The Philosophy of Law: An Exposition of the Fundamental Principles of Jurisprudence as the Science of Right, by Immanuel Kant, trans. W. Hastie (Edinburgh: Clark, 1887).
‘Every Action is right which in itself, or in the maxim on which it proceeds, is such that it can co-exist along with the Freedom of the Will of each and all in action, according to a universal Law.’
If, then, my action or my condition generally can co-exist with the freedom of every other, according to a universal Law, any one does me a wrong who hinders me in the performance of this action, or in the maintenance of this condition. For such a hindrance or obstruction cannot co-exist with Freedom according to universal Laws.
It follows also that it cannot be demanded as a matter of Right, that this universal Principle of all maxims shall itself be adopted as my maxim, that is, that I shall make it the maxim of my actions. For any one may be free, although his Freedom is entirely indifferent to me, or even if I wished in my heart to infringe it, so long as I do not actually violate that freedom by my external action. Ethics, however, as distinguished from Jurisprudence, imposes upon me the obligation to make the fulfilment of Right a maxim of my conduct.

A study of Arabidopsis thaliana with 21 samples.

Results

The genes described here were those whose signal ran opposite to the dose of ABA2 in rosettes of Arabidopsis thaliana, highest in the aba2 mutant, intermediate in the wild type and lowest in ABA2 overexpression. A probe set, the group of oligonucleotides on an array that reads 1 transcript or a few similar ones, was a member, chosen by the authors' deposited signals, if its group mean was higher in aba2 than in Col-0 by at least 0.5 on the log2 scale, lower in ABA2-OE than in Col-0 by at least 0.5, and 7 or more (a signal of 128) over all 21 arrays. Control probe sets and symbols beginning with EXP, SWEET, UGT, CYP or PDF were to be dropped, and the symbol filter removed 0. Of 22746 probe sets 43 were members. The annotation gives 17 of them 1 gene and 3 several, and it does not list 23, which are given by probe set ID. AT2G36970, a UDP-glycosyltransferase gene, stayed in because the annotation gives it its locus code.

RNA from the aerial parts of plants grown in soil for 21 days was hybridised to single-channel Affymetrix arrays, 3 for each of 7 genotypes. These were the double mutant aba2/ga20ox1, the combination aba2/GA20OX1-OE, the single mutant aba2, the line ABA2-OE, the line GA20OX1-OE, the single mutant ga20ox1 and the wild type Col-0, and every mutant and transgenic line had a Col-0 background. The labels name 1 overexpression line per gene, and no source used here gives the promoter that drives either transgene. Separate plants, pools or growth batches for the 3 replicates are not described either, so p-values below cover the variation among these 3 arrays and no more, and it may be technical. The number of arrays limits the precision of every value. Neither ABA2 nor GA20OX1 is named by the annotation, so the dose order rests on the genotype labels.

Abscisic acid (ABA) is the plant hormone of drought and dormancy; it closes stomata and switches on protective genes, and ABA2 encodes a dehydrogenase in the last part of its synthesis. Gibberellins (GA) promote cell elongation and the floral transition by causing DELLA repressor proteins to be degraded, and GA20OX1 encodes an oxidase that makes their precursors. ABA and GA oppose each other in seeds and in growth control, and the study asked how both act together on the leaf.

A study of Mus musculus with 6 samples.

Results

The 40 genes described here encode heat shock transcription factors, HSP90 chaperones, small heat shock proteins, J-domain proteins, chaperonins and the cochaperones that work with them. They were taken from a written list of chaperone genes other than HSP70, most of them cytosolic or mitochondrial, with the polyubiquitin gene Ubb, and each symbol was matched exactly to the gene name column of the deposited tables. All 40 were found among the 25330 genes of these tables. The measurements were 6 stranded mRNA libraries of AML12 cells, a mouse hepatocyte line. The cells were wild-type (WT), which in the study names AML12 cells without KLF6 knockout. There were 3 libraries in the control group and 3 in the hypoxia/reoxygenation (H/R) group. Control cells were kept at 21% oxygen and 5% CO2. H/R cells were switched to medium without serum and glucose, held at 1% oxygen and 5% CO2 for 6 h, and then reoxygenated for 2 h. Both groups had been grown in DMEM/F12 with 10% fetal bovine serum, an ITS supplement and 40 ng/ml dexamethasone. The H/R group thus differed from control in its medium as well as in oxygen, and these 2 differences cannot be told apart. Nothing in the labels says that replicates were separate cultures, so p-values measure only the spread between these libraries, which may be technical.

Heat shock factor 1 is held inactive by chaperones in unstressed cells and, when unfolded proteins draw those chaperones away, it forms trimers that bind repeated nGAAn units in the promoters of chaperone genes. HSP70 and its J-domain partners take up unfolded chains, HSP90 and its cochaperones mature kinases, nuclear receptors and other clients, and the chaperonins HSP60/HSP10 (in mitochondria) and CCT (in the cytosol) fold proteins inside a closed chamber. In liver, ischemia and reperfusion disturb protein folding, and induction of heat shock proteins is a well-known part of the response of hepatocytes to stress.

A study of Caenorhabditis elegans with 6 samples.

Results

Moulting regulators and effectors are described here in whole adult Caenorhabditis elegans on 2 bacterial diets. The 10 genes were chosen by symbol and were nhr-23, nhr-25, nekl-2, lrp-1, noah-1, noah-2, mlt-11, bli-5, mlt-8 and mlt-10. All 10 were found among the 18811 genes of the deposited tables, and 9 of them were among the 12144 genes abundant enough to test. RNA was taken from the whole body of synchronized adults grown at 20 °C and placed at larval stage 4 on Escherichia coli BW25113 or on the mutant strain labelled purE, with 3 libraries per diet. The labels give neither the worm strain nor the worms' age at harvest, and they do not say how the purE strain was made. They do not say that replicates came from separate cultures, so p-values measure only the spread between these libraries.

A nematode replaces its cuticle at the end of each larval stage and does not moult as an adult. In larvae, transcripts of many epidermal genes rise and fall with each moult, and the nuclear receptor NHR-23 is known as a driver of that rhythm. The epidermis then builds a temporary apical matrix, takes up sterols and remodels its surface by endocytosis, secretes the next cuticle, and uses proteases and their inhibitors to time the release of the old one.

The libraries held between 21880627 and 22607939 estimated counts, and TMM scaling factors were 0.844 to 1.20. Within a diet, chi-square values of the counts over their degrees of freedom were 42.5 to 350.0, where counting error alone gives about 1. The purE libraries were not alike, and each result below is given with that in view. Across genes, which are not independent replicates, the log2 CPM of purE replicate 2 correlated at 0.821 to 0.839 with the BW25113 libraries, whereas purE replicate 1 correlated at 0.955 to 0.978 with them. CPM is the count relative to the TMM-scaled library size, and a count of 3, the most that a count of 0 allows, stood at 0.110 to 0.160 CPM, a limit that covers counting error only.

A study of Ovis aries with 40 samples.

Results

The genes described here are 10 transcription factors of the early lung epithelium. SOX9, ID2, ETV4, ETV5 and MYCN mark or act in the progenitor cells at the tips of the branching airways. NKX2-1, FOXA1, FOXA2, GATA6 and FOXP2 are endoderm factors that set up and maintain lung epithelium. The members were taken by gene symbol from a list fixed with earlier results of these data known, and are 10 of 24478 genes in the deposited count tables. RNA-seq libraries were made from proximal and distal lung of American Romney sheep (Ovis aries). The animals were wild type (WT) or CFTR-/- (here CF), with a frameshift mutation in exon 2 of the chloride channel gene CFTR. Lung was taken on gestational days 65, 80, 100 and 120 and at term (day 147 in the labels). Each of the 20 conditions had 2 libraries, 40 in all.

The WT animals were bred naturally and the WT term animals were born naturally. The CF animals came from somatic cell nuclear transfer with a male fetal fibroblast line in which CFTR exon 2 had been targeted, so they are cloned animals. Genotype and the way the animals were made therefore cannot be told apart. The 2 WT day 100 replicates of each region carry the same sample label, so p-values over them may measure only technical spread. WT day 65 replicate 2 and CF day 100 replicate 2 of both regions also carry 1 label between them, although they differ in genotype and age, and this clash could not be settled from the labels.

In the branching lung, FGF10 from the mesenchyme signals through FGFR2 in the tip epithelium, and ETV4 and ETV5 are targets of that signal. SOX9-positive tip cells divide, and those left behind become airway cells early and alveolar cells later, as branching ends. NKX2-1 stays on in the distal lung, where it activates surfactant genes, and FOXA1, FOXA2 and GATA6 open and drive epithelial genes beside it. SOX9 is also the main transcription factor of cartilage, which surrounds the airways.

The universal Law of Right may then be expressed, thus: ‘Act externally in such a manner that the free exercise of thy Will may be able to co-exist with the Freedom of all others, according to a universal Law.’ This is undoubtedly a Law which imposes obligation upon me; but it does not at all imply and still less command that I ought, merely on account of this obligation, to limit my freedom to these very conditions. Reason in this connection says only that it is restricted thus far by its Idea, and may be likewise thus limited in fact by others; and it lays this down as a Postulate which is not capable of further proof. As the object in view is not to teach Virtue, but to explain what Right is, thus far the Law of Right, as thus laid down, may not and should not be represented as a motive-principle of action.